To benefit the child, foster care needs to be brief. The best time and place to begin to follow the deadlines is right away. A plan to achieve permanency should begin immediately upon removal from the problem home. A case plan can and should be developed within a day or two. The reunification plan should state specific tasks and standards which the legal parents must meet in order to be reunited with their child. Adoption can be planned from the start as an alternative should the family reunification plan fail.
Here are eleven obvious actions that can shorten the time in foster care without in any way jeopardizing the child’s need for a safe and secure home.
Listen to the birth parents and foster parents. The parents, not the caseworker, are the important players. “Hear” not only their words but their behavior. Are they doing what they promised?
Learn about the critical importance of bonding and permanence. Know what bonding means and what happens when it is interrupted. Acknowledge the fact that every child has the right to a permanent home.
Maintain the birth home without removing the child when possible. If necessary to guarantee safety, provide regular in-home services.
Start immediately. Within 24 hours of removal, the caseworker should be able to provide the birth parent(s) with a case plan showing them how to remedy the abuse or neglect. This is not brain surgery. What the caseworker needs to do is directly address the problems that led to the removal. If the housing is substandard, the birth parents must find new housing. If the parents have little parenting skill or the child was left alone, require parent training classes. If a boyfriend abused the child, get rid of the boyfriend. If one or both parents were on drugs, they may need to pass a few random drug screens. And so on. See Appendix E for a sample format of an early case plan. The caseworker should take the initial working plan to the judge and get it “baptized” by court order.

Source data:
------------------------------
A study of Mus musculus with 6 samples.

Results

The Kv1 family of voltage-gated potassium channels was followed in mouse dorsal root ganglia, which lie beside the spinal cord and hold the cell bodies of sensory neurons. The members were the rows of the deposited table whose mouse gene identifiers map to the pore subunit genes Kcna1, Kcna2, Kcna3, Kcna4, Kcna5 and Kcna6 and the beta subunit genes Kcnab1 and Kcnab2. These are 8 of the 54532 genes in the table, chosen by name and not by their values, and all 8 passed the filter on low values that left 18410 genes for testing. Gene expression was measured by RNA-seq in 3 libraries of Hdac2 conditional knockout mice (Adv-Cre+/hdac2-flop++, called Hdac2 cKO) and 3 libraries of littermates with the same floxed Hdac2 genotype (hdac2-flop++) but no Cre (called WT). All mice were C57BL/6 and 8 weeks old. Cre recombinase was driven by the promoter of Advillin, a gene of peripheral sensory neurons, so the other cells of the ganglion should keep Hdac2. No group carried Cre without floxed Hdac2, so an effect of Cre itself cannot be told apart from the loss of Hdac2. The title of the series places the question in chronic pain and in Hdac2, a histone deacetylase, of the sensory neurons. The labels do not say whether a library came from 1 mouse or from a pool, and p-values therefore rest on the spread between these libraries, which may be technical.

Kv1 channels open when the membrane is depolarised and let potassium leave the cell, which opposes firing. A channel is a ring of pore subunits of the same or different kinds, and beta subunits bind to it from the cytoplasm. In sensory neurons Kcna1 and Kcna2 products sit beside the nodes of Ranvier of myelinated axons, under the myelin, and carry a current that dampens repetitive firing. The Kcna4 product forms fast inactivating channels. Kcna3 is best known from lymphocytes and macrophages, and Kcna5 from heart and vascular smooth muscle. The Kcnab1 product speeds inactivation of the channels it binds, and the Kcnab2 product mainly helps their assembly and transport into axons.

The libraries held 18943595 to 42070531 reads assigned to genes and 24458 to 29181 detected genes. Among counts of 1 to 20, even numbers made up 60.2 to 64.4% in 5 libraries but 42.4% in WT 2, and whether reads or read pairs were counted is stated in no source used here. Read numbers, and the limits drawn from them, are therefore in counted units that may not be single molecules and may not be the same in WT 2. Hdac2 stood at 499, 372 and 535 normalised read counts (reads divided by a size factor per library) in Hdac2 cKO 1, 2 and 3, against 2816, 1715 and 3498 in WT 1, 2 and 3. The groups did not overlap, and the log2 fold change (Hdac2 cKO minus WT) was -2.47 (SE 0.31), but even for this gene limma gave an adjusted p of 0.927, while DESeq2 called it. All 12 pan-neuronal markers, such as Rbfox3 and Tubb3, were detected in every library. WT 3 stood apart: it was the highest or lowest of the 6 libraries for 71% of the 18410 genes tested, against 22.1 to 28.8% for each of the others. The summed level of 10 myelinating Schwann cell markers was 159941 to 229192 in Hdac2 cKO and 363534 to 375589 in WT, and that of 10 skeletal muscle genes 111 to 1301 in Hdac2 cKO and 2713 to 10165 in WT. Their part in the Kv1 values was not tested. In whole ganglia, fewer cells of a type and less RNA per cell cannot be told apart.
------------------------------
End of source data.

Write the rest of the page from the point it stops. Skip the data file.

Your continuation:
Revise the case plan. As new information becomes available, make the appropriate changes or additions. The caseworker and the judge will then have the additional information about early compliance. The clock will already have been ticking, either on the way to reunification or toward termination.
Monitor the case plan weekly. No better way exists to obtain compliance than to check personally each week. Are the birth parents doing what is necessary for the return of their child? Regular monitoring builds a strong case for or against reunification.
Locate any relatives within two weeks. One major cause of delay is the eleventh-hour relative, sometimes referred to as kin-come-lately. Just when a termination of parental rights is about to happen, an unattached relative from far away emerges; an uncle, a grandmother, or a half-sibling. This throws a monkey wrench into the mix. The proceedings come to a halt while this new matter is being considered. An immediate and thorough search for potential relative placements will avoid this delay.
Follow the federal deadlines. The court generally reviews the status of children in care every three months. If the birth parents do not appear to be making a reasonable effort for reunification by six months, the permanency plan can be changed to adoption. Federal law (ASFA) requires that a termination of parental rights be filed after 12-15 months of out-of-home care. These deadlines are vitally important and need to be honored. Include specific “markers” indicating progress or the lack of it. Stick to facts. This is important to replace vague caseworker notes indicating the opinion that mother has a better attitude.
Avoid unnecessary moves. Every placement of a foster child should be made as if it were the last. Patterns of connecting are formed and solidified in the child’s personality, only to be disrupted if and when a move is made.
Implement concurrent planning.
Concurrent planning is nothing more than contingency arrangements for a “rainy day.” If we were to plan a picnic, we would usually have an alternative in case it rained. We do this for all important matters. To avoid delay, the caseworker must make a fallback plan, a second choice, something else to implement if and when the primary effort at reunification fails. Our vulnerable children deserve at least that much.
Eliminate emancipation to independent living as a permanency plan. Six percent of foster children have their permanency plan listed as independent living. Independent living is not a permanency plan. Rather, it is an outrageous formula for failure.